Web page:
Glenwood 7th Street businesses are ready to see promised ‘festival street,’ after years of painstaking construction
No strangers to construction, businesses along Glenwood Springs’ Seventh Street say they cannot wait for the construction work to end.
Meanwhile, City Council hopes that the anticipated “festival street,” upon completion, will lead to some festive economics for businesses that have endured the long, painstaking process known as the Seventh Street Beautification Project.
That, on the heels of the two-year-long Grand Avenue Bridge replacement that concluded in mid-2018, and which saw Seventh Street closed to vehicle traffic for months on end to serve as a construction staging area.
“We’ve seen the latest sales tax report, and if you use that for a barometer you would say that there’s been a fairly good increase downtown,” Councilman Rick Voorhees said.
“I wonder if that increase is a natural line and whether, after August, when all of this work is promised to be done, whether that trajectory will continue upward.”
According to the most recent city sales tax numbers, in January, the city’s eating and drinking places category generated $188,752 worth of sales tax dollars — an 8.3 percent increase compared to its January 2018 performance.
Eating and drinking establishments also brought in 9.5 percent more sales taxes in all of 2018 compared to 2017.
Rick Duffon, general manager at The Pullman restaurant, who has worked at the eatery at Seventh and Cooper for eight years, said that despite the upward trending sales tax numbers, he’s troubled by the ongoing construction’s effect on the eatery’s local clientele.
“We always hear, ‘Oh, well sales tax [collection] is up.’ …What they’re not paying attention to is, while our sales are up, that is because we have had to raise prices because of minimum wage going up. Our butts in seats are down,” Duffon said.
Colorado’s minimum wage increased on Jan. 1 from $10.20 to $11.10 an hour. For tipped employees, the minimum wage went from $7.18 to $8.08 an hour.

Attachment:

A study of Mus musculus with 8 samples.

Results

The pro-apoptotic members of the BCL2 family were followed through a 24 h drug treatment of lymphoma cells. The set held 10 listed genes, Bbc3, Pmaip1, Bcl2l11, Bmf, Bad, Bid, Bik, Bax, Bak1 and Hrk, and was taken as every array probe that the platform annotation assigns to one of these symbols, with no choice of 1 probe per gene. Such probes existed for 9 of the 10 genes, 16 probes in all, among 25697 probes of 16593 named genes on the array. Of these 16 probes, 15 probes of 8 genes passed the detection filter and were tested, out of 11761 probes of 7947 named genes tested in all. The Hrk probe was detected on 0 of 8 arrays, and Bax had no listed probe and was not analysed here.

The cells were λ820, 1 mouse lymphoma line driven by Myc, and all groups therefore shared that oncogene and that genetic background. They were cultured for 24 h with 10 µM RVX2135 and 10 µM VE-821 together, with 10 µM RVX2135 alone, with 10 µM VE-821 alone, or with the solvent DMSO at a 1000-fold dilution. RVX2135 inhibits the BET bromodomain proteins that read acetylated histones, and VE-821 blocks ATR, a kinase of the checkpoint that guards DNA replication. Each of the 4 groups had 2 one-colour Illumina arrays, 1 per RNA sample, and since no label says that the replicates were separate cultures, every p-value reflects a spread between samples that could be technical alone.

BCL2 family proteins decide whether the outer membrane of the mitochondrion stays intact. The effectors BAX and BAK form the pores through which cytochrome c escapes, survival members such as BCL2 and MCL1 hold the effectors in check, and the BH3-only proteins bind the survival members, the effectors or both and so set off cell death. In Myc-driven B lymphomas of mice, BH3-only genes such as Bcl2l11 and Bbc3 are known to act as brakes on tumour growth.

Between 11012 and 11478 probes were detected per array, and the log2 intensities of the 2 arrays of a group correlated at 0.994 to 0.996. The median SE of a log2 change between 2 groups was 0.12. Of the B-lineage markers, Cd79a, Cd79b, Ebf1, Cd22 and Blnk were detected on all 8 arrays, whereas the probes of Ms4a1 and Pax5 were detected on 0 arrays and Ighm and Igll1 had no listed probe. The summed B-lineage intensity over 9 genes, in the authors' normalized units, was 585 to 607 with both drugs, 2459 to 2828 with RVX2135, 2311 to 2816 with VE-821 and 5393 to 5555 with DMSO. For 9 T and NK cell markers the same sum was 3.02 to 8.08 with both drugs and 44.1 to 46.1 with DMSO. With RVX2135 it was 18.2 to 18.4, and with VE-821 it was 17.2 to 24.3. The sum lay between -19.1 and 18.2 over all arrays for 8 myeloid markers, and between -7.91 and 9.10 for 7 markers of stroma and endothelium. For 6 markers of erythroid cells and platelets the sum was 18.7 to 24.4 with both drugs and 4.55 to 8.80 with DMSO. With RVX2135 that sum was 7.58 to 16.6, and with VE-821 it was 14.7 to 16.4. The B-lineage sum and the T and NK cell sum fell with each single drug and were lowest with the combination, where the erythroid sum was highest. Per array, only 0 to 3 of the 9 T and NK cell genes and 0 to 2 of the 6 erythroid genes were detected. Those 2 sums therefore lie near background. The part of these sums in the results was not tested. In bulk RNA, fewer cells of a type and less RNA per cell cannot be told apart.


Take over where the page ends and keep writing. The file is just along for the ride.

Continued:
“What we heard from most of the businesses that showed up to speak to us at council and speak to us at the open house that was held shortly before the project, was that they wanted to see it move forward and get it done,” Councilwoman Shelley Kaup said. “They were willing to take the pain, so to speak, this year again to get the project done with.”
Riviera Supper Club & Piano Bar Owner Jonathan Gorst, whose business also resides along Seventh Street near the under bridge plaza area, agreed with Kaup that businesses wanted the work done.
But he was also concerned about Seventh Street’s lengthy closure, and recent business closures, too.
“The other part of it is, are we doing the right thing for businesses with this much construction going on? I really don’t know the answer,” Gorst said.
“I do see businesses closing. I see that we’ve lost some businesses. I see that we have trouble with other businesses opening, and I think that may be an indicator that we’ve had a lot of delays,” Gorst said of Seventh Street’s on and off again construction over the years.
Gorst said he did not want to jump to too many conclusions on why businesses had closed in the immediate area, but looked forward to the project’s completion.
The Lost Cajun’s Glenwood Springs location closed for good in March. And, the Book Train announced Wednesday that, after 40 years of serving the Glenwood Springs community, it too would shut down on April 26.
The book store closure is due to the businesses’ lease not being renewed, according to a press release.
Councilman Steve Davis, who also co-owns Hookers fly shop in downtown Glenwood Springs with his family, explained that visions for Seventh Street had been in the works for seven years.
As a business owner himself, Davis was sympathetic toward his fellow business owners’ concerns, but said when the vision was completed, the vitality that it would create in downtown would make it all worth it.
Davis compared Glenwood’s future festival street to that of San Antonio’s River Walk, and said that its potential, upon completion, was endless.
“I’m trying to just go with it, and hope it gets done,” added Cece Zumwinkle, owner of another Seventh Street eatery, Juicy Lucy’s Steakhouse.